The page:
If you already have a topic that interests you, search our library reference databases for more information and to learn how your topic might be relevant to your audience.
Maybe you’d like to know more about:
NOTE: If your topic is very current or about a lesser known or local person or event, it may not be in our reference databases, so try searching Google (for ideas, not for sources).
If you want to learn more about a current topic in the news and how it might relate to your audience and help increase their knowledge, our NewsBank database has a list of current research topics relating to technology, sports, the arts, health, literature, business, crime, people and more.
Reference books like specialized encyclopedias, dictionaries and almanacs can help you understand your topic and precisely define the terms you use in your speech.
Books can be a key source of comprehensive information on a specific topic and are often written by an expert on that topic. Books can be dated since they go through an intense editorial and publishing process, so they are most useful for historical and background information.
Newspapers and magazines are referred to as "periodicals" because articles are published at regular times (daily, weekly, monthly) and therefore have more current information than books. Articles from national newspapers are useful when you want to include up-to-date information on national or world topics, while local newspapers are good sources for topics that have a local connection. Magazines are usually focused on a specific area of interest and can provide details about hobbies, sports, people, places, pets, events and more.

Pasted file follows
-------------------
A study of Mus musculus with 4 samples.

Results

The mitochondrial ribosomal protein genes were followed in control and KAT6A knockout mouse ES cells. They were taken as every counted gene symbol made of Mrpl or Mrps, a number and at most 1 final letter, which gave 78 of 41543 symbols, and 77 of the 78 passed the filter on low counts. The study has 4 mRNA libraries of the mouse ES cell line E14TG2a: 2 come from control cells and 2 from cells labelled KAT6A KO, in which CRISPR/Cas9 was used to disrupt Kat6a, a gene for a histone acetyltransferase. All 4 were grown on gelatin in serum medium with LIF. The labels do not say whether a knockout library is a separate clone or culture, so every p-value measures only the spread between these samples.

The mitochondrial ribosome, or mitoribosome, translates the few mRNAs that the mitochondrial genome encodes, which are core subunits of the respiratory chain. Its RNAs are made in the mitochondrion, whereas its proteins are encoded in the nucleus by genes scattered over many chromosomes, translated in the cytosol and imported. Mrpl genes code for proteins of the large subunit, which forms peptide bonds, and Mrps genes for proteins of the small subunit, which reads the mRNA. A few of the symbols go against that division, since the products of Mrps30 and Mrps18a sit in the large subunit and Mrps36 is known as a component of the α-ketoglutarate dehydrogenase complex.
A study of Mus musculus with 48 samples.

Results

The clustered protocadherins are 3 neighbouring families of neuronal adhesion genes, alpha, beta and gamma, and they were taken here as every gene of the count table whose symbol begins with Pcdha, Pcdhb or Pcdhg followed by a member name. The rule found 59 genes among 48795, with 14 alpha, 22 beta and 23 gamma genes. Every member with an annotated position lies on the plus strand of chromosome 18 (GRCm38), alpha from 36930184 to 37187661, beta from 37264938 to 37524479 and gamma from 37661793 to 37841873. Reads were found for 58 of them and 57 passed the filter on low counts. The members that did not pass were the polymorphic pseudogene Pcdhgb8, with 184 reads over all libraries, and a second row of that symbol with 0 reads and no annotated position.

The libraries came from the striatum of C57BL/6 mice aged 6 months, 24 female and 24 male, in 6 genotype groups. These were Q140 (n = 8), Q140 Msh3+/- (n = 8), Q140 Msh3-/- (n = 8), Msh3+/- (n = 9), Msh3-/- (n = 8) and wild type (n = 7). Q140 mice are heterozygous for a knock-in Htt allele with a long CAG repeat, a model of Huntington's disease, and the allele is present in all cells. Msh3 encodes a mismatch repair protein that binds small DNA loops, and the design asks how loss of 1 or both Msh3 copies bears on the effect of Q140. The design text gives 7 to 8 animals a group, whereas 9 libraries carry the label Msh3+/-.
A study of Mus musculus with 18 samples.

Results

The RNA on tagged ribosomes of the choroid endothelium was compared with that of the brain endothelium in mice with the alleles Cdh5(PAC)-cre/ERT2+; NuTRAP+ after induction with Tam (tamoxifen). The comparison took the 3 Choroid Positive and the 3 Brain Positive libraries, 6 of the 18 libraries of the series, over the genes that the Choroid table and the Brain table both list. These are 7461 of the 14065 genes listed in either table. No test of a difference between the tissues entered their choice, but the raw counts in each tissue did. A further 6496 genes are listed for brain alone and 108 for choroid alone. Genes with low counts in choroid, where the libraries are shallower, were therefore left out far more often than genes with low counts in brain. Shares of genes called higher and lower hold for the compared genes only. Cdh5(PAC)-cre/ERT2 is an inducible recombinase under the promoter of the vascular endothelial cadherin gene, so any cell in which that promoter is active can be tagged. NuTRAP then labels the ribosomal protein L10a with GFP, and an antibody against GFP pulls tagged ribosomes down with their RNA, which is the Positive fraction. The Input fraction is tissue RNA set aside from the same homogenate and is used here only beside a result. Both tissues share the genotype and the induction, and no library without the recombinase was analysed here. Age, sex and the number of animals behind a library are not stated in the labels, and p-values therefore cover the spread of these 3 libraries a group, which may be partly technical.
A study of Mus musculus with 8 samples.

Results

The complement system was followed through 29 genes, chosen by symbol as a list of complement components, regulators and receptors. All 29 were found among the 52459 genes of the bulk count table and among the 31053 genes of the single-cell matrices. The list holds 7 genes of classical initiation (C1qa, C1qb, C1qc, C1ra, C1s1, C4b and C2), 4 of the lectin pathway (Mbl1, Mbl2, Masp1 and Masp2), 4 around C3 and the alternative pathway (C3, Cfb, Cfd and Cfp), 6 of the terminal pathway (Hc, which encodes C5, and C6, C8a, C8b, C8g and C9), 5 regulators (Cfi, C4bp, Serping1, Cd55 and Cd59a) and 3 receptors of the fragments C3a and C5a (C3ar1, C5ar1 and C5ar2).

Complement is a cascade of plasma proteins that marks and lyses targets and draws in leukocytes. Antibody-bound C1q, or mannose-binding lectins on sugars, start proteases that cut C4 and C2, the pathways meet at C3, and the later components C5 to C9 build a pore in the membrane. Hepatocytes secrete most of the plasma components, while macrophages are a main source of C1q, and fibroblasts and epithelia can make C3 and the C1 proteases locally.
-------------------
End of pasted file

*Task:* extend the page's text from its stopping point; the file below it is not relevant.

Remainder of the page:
Journals are often referred to as "scholarly" or "peer reviewed" because they contain articles written by experts in a particular field. Other experts (peers) review the articles to decide what merits publication. Most journal articles report the results of research being done in that field. Although intended for an audience of other experts, journal articles can be used in speeches to identify expert testimony and to quote someone who is highly qualified on your topic.
Your informative speech topic is basically what you’re going to “teach” your audience. But before you can find good sources that explain the history, definitions, and more details to inform your audience about your topic, you’ll need to pull out the best possible keywords related to your topic to use when searching our library databases.
Before you search, try these steps!
1) Find the main points. What are the most important discussion points that you plan to tell your audience? For example, if you’re informing your audience about how unique a cheetah is in the animal kingdom you might choose words related to speed, hunting, and social groups.
2) Select 2-3 words. You probably don’t want to search with too many words, and having just one might not always be enough. For informative speeches, nouns will likely work better than verbs.
3) Think of synonyms. If you’re giving a speech about cheetah speed, what other words are there for speed? Fast, is an obvious one. But get even more specific. Try Google (for ideas, not for sources) to see what words are associated with your topic. For example, the words “fastest land animal” come up a lot for cheetahs.
4) Link together! Connect your keywords using the word AND rather than typing a whole sentence or question in your search bar when you start to look for sources. For example: cheetahs and fastest land animal. Don’t forget to try out multiple searches with different words.